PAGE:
Spend less than you make—that is the motto in beating the financial game. Unfortunately as high-income earners, doctors can have more difficulty sticking to a budget than one would realize. The problem is that each one of our paychecks will typically cover most impulse purchases. If a purchase requires more than one paycheck, it also isn’t too difficult to string along a few paychecks to cover a bigger ticket item, like a fancy family vacation or a home remodel. You can see that once the ball starts rolling down the hill, it becomes harder to stop. Frankly, it’s not difficult for a high-earning professional to live paycheck to paycheck. Society simply makes it easy to consume. Work your way up on your expenditures, get a few extra credit cards along the way, and somehow you’re knee deep into a $2 million home mortgage and needing a means to moonlight simply to make ends meet.
A look inside the refrigerator
While we tend to focus on reducing large expenses as a means to control our wallet (you business types like to phrase this as low-hanging fruit), how we decide to fill our stomachs can constitute a good portion of our income.
I have been impressed how the grocery industry has adapted to busy lifestyles. Most stores will have shopping and delivery services for those who have no time to waste buying groceries. Leading the pack in high-end shopping is the ubiquitous Whole Foods, or how my friends in residency referred to it, Whole Paycheck. Most cities also have various organic farmer’s markets, Morton-Williams, West-side Markets, and Good Life Markets where you can do some serious damage to your wallet. Some of the wallet-busting consumables that my colleagues—I, too, have also been guilty of purchasing as well—have purchased include:
- Manuka honey — This honey hails from New Zealand, and supposedly has great health benefits. If you haven’t seen this before, it is relatively high-end honey that you can buy pretty much anywhere.
- Organic cotton candy grapes — I’ll admit, these types of grapes are some of the sweetest I’ve ever eaten. There is a vendor in San Francisco’s Ferry Plaza Farmer’s Market that deals these for $9.99/lb! You’d be surprised how many pounds of these grapes that your kids will be able to chow down.
- Cold-pressed juices — While shopping for produce at the farmer’s market, don’t forget to pick up a cold one. This will set you back a few extra bucks or eight.
A family of four shopping for high-quality, low-volume grocery items can easily rack up a monthly grocery bill over a thousand dollars. I once had a coworker who told me how he scores premium class airfare by earning points through his grocery purchases! For those of you in the credit card know-how group, he earned his tickets purely from purchases and not sign-on bonuses. He spent nearly $20,000 a year at the grocery store! I guess that’s one way to score “free” luxury travel.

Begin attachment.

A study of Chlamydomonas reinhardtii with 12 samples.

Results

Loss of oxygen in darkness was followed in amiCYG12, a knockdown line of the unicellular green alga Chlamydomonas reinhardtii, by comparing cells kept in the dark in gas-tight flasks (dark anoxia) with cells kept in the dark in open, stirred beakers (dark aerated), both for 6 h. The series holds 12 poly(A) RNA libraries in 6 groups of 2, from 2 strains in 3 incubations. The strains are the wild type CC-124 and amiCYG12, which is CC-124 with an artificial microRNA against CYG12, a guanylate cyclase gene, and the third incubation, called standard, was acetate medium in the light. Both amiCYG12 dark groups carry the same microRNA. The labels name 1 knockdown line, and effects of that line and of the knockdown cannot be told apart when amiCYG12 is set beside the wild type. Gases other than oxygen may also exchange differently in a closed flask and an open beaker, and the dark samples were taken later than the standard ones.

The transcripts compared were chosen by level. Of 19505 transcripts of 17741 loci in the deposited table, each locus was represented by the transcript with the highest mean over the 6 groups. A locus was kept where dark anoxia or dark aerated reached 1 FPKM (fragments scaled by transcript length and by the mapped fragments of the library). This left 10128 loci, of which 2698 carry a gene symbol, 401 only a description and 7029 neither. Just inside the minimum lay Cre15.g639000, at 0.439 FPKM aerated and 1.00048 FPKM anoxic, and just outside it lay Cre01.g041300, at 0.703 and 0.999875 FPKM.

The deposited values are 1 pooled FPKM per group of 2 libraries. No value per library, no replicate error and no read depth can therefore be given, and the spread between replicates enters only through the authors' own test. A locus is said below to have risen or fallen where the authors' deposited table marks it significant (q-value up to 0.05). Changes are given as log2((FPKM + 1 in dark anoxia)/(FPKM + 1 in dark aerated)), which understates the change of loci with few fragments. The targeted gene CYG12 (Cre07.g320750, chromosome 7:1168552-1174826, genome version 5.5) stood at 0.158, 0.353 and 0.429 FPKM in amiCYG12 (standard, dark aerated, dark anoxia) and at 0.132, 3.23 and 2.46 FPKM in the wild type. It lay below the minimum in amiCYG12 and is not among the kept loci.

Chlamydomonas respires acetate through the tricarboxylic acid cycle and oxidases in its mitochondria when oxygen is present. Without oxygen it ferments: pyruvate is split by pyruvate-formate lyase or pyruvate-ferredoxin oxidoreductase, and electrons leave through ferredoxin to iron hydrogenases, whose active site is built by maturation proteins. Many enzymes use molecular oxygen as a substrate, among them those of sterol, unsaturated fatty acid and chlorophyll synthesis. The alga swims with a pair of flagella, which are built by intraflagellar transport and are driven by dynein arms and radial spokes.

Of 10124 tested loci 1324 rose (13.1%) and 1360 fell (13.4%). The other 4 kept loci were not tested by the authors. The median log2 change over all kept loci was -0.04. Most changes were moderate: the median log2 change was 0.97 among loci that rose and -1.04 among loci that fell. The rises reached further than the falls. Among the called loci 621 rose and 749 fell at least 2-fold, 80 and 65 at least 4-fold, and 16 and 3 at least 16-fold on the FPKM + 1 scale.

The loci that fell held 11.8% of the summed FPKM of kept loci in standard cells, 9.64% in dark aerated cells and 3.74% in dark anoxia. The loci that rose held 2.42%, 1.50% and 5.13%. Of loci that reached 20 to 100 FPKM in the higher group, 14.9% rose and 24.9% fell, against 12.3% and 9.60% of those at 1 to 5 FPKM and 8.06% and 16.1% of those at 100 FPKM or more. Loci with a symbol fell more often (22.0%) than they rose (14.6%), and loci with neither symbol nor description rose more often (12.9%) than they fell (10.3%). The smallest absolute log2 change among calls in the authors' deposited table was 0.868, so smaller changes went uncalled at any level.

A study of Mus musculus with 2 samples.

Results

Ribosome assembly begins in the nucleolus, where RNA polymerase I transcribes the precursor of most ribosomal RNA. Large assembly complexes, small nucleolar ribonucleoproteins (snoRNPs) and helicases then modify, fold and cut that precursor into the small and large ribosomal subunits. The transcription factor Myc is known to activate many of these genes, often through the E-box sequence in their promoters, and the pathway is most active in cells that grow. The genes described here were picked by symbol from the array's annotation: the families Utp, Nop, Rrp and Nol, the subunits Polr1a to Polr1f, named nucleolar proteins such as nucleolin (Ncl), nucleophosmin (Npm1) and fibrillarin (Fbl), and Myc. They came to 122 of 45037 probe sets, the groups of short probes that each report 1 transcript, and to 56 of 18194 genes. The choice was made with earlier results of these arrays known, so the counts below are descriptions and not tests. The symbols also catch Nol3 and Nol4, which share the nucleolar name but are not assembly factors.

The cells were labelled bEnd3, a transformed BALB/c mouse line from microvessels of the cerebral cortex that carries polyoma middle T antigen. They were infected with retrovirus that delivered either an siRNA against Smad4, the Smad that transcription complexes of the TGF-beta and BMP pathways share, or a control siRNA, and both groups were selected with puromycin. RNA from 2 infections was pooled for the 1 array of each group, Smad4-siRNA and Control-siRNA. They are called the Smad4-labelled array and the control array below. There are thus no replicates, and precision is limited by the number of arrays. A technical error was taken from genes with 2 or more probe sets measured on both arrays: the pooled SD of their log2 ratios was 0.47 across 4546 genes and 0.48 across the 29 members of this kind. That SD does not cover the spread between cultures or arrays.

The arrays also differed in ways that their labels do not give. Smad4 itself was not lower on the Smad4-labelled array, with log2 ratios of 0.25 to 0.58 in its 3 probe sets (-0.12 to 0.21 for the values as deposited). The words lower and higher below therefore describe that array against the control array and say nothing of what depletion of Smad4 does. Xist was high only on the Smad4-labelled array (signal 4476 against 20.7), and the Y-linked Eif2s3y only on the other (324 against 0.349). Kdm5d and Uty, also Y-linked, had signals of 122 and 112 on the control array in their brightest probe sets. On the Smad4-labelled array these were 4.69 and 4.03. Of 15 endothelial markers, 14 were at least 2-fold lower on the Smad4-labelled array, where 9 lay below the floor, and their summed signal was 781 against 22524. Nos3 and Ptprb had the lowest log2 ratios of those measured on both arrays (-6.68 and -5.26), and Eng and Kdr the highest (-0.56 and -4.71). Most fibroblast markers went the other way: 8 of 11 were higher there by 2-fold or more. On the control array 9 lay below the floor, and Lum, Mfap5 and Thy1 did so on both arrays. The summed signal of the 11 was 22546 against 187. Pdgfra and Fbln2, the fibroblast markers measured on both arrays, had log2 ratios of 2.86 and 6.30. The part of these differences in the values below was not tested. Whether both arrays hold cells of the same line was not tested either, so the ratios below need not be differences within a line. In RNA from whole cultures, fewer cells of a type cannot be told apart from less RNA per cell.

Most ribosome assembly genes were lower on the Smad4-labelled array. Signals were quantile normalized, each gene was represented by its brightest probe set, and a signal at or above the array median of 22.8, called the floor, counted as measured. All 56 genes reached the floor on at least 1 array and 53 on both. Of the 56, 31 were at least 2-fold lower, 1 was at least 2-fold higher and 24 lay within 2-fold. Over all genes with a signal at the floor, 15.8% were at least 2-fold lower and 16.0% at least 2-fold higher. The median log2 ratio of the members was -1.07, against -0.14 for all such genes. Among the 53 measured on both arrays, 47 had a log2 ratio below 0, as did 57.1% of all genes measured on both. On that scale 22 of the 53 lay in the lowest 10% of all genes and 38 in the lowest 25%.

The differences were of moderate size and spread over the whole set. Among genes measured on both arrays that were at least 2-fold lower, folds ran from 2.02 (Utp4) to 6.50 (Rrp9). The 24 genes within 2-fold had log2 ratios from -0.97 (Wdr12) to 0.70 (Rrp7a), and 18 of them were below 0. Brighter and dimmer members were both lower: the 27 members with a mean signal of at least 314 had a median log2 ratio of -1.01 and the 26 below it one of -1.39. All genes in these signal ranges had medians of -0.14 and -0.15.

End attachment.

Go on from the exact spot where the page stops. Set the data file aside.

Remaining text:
Restaurant and prepared food expenses
My colleague who spends $20,000 a year for grocery items swears that he actually saves money by not eating out as much. Who knows how much he actually spent before making that lifestyle change. Unfortunately a busy career is more conducive to both unhealthy eating as well as unrestrained food expenditures. Bars tend to be frequent stops to unwind with colleagues, and we all know that alcohol is not cheap. A modest week’s restaurant tab for a single person might look like this:
- Monday – Quick sandwich and pressed juice for lunch: $16. Deli at the grocery store for dinner: $17
- Tuesday – Grand rounds lunch: free. Grubhub for dinner: $22.
- Wednesday – Pharma lunch: free. Bar with coworker: $36.
- Thursday – Seamless for lunch: $21. Light dinner with college friend: $45.
- Friday – Grocery store prepared lunch: $16. Dinner: $60. Bar tab afterward: $50.
For a family with restaurant habits, the tab could easily triple without much effort. If you include take-out and restaurant delivery the monthly damage can easily fall into four figures. Anecdotally, we start seeing indiscriminate food bills rack up when the workweek starts exceeding 55 hours a week. This number is relatively frequent in the medical field.
It’s not common that a doctor household would spend $20,000 annually on grocery bills. It’s also not common for a restaurant-loving busy physician family would spend $35,0000 annually on restaurant bills either. However, it really doesn’t take much effort for a typical physician household to spend half that amount.
Only you will know whether that amount is actually sustainable based on your income. For many of us, this amount might amount to 15-20% of our post-tax income. That’s not chump change, especially if you take into account the mandatory living expenses such as mortgage, tuition for your kids, and basic costs.
How much of your earnings are you putting into you stomachs?